A traffic stop in Odessa, TX on Saturday, August 31, turned into the second shooting in the state in the last month, when a man shot at the state trooper who pulled him over before speeding away. The gunman then shot at numerous people using an AR-15-style rifle while driving in the cities of Odessa and Midland, located 20 miles apart, killing eight people (including the shooter) and injuring more than 20 others, The New York Times reports.
The seven victims ranged from 15 years old to 57, officials said, but they have not yet confirmed identities. Those known include Edward Peregrino, 25, who ran into the yard of his parents' Odessa home after hearing gunshots; Leilah Hernandez, 15, who was shot while walking out of a car dealership with her brother; Joseph Griffith, 40, who was killed while sitting in his car with his wife and children at a traffic light; and Mary Granados, 29, a letter carrier whose vehicle the gunman hijacked.
Ten people injured in the rampage still remain hospitalized as of Sunday evening, a spokesman for the Medical Center Health System in Odessa said, with one in critical condition. Among those injured were three law enforcement officers and a 17-month-old identified as Anderson Davis, who was shot in the face. "For now it’s pretty bad...it doesn’t seem like her jaw was hit, just lip, teeth and tongue," her mother said in a message to Texas Gov. Greg Abbott.
Odessa police reported that the shooting began on Saturday afternoon around 3:26 p.m. CT when a state trooper pulled the gunman over. Before coming to a complete stop, the gunman pulled out a rifle and began firing at the officers through the rear window of the car, reports The Texas Tribune. Police pulled him over for not signaling while making a left turn, according to The Washington Post. The suspect shot at the state trooper, fled the scene, and then proceeded to go on what police reports describe as a “shooting spree in the city of Odessa” before stealing a postal truck and finally being shot and killed by police.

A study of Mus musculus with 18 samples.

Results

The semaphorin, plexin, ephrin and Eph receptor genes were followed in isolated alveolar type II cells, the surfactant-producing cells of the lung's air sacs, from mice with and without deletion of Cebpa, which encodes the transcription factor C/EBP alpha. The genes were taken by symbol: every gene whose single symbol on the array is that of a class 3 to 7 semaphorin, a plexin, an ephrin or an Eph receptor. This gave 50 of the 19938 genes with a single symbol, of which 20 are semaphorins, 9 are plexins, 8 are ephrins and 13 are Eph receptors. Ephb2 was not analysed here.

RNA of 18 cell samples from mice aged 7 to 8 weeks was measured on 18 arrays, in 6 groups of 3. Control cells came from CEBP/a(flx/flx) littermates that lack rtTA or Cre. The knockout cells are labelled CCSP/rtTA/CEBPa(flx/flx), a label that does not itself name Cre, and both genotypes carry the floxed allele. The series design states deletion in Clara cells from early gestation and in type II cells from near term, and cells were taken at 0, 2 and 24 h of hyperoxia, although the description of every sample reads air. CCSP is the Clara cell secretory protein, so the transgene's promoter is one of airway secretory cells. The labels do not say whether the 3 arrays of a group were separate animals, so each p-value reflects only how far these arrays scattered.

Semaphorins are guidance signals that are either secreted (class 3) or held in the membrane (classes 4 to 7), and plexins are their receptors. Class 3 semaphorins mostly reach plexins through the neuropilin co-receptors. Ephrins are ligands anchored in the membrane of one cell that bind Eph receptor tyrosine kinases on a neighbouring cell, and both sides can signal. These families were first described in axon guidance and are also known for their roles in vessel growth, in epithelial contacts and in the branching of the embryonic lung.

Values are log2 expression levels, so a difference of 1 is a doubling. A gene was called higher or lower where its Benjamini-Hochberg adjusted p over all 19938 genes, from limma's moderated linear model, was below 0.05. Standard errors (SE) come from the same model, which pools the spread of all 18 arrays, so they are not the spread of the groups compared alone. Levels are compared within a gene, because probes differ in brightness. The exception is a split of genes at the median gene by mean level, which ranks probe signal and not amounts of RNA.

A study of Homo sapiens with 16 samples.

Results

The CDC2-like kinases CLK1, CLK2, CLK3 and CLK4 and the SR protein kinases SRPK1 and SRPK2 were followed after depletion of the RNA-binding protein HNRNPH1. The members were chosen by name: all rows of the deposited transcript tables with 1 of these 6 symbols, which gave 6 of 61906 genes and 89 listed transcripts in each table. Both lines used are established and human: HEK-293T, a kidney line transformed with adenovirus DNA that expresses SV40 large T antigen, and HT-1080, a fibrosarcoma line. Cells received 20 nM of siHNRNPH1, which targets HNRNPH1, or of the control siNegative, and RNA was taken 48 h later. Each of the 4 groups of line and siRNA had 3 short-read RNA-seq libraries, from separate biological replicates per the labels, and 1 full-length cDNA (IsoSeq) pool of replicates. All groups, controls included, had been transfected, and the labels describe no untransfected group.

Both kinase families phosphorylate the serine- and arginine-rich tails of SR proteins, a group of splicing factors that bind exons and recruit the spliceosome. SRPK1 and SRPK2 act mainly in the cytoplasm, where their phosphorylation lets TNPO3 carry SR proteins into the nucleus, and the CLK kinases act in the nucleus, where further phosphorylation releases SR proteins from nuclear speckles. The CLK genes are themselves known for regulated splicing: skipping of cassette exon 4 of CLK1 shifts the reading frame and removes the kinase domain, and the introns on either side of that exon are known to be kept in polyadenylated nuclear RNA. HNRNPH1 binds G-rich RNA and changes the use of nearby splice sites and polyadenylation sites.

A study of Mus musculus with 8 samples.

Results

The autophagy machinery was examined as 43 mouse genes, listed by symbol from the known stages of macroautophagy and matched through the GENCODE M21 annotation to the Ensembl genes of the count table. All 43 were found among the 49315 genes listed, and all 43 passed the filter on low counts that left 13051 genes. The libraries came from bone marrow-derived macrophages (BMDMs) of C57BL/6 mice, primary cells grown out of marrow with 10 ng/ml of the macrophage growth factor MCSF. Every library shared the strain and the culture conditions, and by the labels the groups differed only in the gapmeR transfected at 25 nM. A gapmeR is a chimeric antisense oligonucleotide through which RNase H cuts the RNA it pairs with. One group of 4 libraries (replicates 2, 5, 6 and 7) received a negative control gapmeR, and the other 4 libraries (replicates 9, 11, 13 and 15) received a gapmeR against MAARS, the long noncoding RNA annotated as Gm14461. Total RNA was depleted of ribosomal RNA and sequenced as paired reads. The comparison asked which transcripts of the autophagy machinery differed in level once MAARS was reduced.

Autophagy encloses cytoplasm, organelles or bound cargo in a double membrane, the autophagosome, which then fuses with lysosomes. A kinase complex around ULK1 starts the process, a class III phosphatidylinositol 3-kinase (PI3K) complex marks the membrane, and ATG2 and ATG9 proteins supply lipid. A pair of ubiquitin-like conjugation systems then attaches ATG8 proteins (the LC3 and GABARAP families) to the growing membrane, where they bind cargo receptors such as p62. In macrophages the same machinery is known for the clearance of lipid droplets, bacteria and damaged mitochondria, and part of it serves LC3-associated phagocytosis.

Original reports suggested that there were multiple shooters; however, it was later confirmed to be one man. Police initially declined to name the suspect. "I am not going to give him any notoriety," said Odessa Police Chief Michael Gerke. The suspect was later identified as Seth A. Ator, of Odessa, according to the NY Times. Officials said the suspect had been fired from his job at a trucking company on Saturday, but that a motive has not yet been established.
"There are no definite answers as to motive or reasons at this point, but we are fairly certain that the subject did act alone," Gerke said, according to the Times.
Abbott said he was "heartbroken" over the attack in a statement. “I want to remind all Texans that we will not allow the Lone State State to be overrun by hatred and violence. We will unite, as Texans always do, to respond to this tragedy,” he said.
The shooting has reignited the gun control debate. It happened just one month after the tragic mass shooting in El Paso, TX that left 22 people dead and one day before Texas is set to implement policy making it easier to carry handguns into churches and schools.
“We’re not nearly past El Paso and then here it happens again,” said Kel Seliger, a Republican state senator, before adding that these shootings force people to think not “Is this going to happen again? But when it’s going to happen again.”
Texas Sen. Ted Cruz tweeted his support on behalf of himself and his wife.
Fellow Texas Sen. John Cornyn tweeted thanking first responders and law enforcement for their tireless efforts.
President Donald Trump tweeted support of law enforcement, the first responders and Governor Abbott. "A very tough and sad situation!" he wrote. He said on Sunday that the shooting "hasn’t changed anything" when it comes to background checks, and that it wouldn't have stopped Saturday's shooting. "Over the last five, six, or seven years, no matter how strong you need the background checks, it wouldn’t have stopped any of it," he claimed.
Vice President Mike Pence said that Trump and his administration “remain absolutely determined” to work with Congress “so we can address and confront the scourge of mass atrocities in our country.”
John Feinblatt, president of Everytown for Gun Safety said in a statement, “While we don’t know all the facts, we do know one thing for sure: This isn’t normal. Laws will not prevent all mass shootings, but they are a critical piece of reducing the scourge of gun violence gripping our country. The House has done its part to reduce gun violence — now the Senate must act.”
This is a breaking news story. It has been updated throughout.